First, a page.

Cyberdefenses and increased spending are part of the British response to multiple terror attacks launched in Paris, France, last week. With as many as 129 dead in the coordinated attacks, governments are looking at how to deal with the violent militant group known as the Islamic State.
As many nations consider how to deal with the radicalized terror group known commonly as the Islamic State (IS) or the Islamic State of Iraq and Syria (ISIS), the British government has vowed to increase cybersecurity to thwart potential attacks.
While many nations have openly discussed military action against the prolific extremist group, top British officials have said they will focus on cybersecurity and offense, as well as more typical physical responses to the organization’s recent violent attacks.
In a Monday speech at the Government Communications Headquarters (GCHQ), Chancellor George Osborne said more emphasis needed to be placed on protecting British infrastructure, like hospitals, airports and industry.
“Let’s be clear. [The Islamic State of Iraq and Levant (ISIL)] is already using the Internet for hideous propaganda purposes; for radicalization, for operational planning too,” Osborne said. “They have not, so far, been able to use it to kill people by attacking our infrastructure through cyberattacks. They do not yet have that capability, but we know they are doing their best to build it.”
The chancellor went onto say the efforts would be part and parcel to military action against the self-proclaimed Islamic group.
“So when we talk about tackling ISIL, that means tackling their cyberthreat as was the threat of their guns and their bombs and their knives,” he said. “The starting point must be that every British company is a target; that every network will be attacked, and that cybercrime is not something that happens to other people.”
According to the Osborne, GCHQ is monitoring more than 450 cyber-based threats to British networks from what he called “high-end adversaries.”
Osborne’s comments followed closely on the heels of multiple coordinated IS attacks in Paris, France, which reportedly claimed as many as 129 lives throughout the city Nov. 13.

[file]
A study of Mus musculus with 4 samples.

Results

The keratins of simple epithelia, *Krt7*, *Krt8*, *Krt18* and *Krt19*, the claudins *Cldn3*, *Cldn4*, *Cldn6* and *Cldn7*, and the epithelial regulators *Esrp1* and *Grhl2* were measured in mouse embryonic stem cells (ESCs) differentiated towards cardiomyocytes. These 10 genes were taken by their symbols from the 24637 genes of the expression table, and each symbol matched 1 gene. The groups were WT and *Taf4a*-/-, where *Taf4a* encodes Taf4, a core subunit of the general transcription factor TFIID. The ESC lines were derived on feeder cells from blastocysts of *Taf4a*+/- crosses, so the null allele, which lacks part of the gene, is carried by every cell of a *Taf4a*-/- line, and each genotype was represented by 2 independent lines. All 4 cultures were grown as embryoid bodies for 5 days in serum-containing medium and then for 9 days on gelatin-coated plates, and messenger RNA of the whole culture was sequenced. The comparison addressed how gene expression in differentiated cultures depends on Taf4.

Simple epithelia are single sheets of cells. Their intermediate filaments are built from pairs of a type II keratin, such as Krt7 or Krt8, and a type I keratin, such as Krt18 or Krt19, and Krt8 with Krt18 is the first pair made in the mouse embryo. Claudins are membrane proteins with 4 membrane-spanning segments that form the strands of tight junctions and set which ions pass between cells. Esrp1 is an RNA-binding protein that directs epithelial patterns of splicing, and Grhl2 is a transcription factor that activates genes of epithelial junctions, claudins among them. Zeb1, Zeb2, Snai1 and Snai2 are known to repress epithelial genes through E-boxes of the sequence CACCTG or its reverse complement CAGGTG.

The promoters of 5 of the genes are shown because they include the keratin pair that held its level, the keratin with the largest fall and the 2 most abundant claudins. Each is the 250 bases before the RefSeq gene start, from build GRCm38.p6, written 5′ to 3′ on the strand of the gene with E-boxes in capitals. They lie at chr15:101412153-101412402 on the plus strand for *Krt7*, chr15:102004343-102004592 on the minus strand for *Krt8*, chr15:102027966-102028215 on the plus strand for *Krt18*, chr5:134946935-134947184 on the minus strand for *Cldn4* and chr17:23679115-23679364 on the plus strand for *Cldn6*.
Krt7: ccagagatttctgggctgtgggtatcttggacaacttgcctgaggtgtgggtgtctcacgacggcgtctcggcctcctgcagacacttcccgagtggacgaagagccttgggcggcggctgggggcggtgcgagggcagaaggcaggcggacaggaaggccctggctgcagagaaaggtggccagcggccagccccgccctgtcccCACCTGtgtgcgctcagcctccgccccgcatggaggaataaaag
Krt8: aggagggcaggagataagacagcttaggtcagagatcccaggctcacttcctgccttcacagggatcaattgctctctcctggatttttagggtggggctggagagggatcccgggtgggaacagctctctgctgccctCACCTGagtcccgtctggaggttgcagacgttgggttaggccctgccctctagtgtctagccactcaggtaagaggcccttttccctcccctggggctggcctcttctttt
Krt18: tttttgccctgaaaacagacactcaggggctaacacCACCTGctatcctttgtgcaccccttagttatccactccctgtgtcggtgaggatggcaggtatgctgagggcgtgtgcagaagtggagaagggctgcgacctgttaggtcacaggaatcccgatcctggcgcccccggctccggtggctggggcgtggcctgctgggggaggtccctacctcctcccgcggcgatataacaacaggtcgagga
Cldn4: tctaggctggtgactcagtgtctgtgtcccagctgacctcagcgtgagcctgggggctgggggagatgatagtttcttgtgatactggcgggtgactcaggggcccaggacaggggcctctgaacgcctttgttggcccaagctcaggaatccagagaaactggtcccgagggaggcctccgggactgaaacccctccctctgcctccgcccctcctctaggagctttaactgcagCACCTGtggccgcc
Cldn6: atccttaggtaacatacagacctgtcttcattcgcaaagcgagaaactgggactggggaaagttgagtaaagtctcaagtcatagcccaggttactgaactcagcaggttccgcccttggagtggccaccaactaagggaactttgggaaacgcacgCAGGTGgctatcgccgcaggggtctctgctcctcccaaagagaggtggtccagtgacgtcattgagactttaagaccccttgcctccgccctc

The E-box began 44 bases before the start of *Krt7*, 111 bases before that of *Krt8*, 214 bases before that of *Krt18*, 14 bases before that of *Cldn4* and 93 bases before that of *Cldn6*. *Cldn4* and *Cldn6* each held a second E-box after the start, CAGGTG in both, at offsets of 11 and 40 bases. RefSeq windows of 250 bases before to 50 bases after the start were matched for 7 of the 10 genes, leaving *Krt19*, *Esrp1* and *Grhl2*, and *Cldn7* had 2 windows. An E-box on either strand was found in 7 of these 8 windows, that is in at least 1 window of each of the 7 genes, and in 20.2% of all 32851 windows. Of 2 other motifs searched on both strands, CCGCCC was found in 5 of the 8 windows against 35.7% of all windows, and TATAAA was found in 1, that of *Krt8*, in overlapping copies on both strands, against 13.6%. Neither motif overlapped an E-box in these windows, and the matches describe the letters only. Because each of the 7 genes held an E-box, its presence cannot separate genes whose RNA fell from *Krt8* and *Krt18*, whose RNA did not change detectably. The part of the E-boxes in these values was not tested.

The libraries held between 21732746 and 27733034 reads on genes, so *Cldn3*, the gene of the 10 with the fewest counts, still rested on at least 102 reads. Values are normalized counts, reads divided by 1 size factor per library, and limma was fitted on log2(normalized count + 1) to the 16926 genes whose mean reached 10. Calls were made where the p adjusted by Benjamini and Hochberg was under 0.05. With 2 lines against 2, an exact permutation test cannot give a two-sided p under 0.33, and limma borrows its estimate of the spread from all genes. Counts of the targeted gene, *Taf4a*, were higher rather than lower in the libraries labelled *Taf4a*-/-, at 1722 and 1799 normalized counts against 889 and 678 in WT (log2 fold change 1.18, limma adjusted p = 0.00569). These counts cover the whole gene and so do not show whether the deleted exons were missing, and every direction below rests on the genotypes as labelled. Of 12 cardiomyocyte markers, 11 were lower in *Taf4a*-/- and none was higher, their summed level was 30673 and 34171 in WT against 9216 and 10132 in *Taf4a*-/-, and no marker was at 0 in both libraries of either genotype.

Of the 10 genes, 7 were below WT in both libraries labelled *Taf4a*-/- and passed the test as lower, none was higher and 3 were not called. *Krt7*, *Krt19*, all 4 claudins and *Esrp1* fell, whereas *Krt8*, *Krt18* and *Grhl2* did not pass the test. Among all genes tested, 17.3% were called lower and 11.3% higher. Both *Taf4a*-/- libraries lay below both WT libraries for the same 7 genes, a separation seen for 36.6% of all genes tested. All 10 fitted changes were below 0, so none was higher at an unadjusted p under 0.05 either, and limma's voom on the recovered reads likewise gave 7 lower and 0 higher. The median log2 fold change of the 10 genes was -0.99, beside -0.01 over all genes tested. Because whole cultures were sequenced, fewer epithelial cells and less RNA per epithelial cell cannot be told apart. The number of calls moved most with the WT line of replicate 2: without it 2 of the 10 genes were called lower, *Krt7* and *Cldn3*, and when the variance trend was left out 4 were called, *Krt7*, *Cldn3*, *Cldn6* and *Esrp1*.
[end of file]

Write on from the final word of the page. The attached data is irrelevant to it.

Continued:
Prime Minister David Cameron also spoke to the British government’s priorities in a speech he made to during the Lord Mayor’s Banquet in London Nov. 16.
Cameron said the country would commit to spending 2 percent of its gross domestic product (GDP) on defense until 2020 while boosting the number of military drones in the country’s fleet.
“With a growing economy, this means a rising defense budget — with more money every year. But it’s not just about the amount of money we spend or the size of our forces; it’s also about our ability to deploy them quickly with the right equipment to get things done,” he said. “We have seen how vital drones are in the fight against ISIL so with this extra money we are doubling our fleet of drones. We know we need the ability to carry out airstrikes so this money will provide for more fighter aircraft.”
Additionally, the prime minister said there would be more money spent on the bolstering the capabilities of Britain’s special forces, which he said would see spending increase of £2 billion (roughly $3.04 billion USD) over the current parliament.
Cameron also announced the increase of security and intelligence staff to the tune of 1,900 and more than double spending on the country’s aviation security. He also gave nod to the importance of cyber-readiness in his speech, saying the United Kingdom would be investing in “a new generation of cyberdefense to block and disrupt attacks.”
At the Monday G20 Summit in Antalya, Turkey, President Obama said there would be an “intensification” of his administration’s current strategy against the Islamic State, but said the addition of ground troops would be a mistake.
Obama also said the United States would continue to partner with the French in a counterterrorism capacity following the events of last week.
“France is already a strong counterterrorism partner, and today we’re announcing a new agreement. We’re streamlining the process by which we share intelligence and operational military information with France,” he said. “This will allow our personnel to pass threat information, including on ISIL, to our French partners even more quickly and more often — because we need to be doing everything we can to protect against more attacks and protect our citizens.”
Despite shifts to military strategy in other countries, Obama said there would be no significant changes to the US’s military strategy. To date, drone and airstrikes have been a major part in the action against the radical network.